Author Topic: Conjoined whale calves found dead in Mexican lagoon in world's first documented case of Siamese gray whales  (Read 282 times)



Conjoined whale calves found dead in Mexican lagoon in world's first documented case of Siamese gray whales


PUBLISHED: 08:25 EST, 7 January 2014 | UPDATED: 09:27 EST, 7 January 2014

A pair of conjoined gray whales has been found off the shore of Mexico, in what could be the first documented case of Siamese twin grey whales.

Scientists in Mexico's Laguna Ojo de Liebre, or Scammon’s Lagoon, discovered the dead calves, believed to have been miscarried as a result of their disability.

Conjoined twins have occurred in other species, notably fin, sei and minke whales, however, research has not found any published cases of conjoined gray whale twins.


The carcass is only about seven feet long, versus the normal 12 to 16 feet for new-born gray whales.
 
Alisa Schulman-Janiger, an American Cetacean Society researcher, pointed out that the twins were severely underdeveloped and wondered whether the birth or stillbirth might also have killed the mother.

The twins’ carcass has been collected for study.

Images were posted by the Guerrero Negro Verde Facebook page, with the translated statement: ‘Unfortunately, the specimen died. [Its] survival was very difficult.’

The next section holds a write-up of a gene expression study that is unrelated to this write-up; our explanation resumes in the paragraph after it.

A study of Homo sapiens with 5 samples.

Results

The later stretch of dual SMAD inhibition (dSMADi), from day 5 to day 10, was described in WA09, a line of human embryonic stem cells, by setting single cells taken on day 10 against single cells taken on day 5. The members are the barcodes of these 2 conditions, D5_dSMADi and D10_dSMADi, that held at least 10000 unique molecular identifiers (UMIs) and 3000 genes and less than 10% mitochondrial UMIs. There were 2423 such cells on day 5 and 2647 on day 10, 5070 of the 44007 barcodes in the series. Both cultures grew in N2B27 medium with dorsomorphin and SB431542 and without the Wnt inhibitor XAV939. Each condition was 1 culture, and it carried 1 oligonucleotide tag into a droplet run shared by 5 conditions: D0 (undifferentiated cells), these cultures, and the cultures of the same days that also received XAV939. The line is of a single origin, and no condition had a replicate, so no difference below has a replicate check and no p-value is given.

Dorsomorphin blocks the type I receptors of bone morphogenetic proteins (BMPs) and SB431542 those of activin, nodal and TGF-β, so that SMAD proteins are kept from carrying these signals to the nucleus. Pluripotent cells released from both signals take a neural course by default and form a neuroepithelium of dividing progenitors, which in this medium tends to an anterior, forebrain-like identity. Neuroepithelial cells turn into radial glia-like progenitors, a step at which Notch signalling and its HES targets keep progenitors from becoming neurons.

New discovery: The conjoined calves could be the first documented case of Siamese twin gray whales



Unfortunate tale: The twins were so underdeveloped it is believed they were miscarried by their mother who may also have died giving birth to them
Step forward for science: The seven feet long carcass has been collected by scientists for study


Step forward for science: The seven feet long carcass has been collected by scientists for study


Migration: Pacific gray whales travel south from the Arctic to Mexico for the winter months, during which time it is believed the twins were born

Gray whales are arriving in the lagoons along the Baja California peninsula, after a nearly 6,000-mile journey from Arctic home waters.

They give birth during the southbound journey, or in the lagoons, and nurse their calves for several weeks before embarking on their northbound journey back to the Bering and Chukchi seas.

According to NOAA, the Pacific gray whale population numbers about 21,000.

Most calves are born during the last week of December and the first two weeks of January.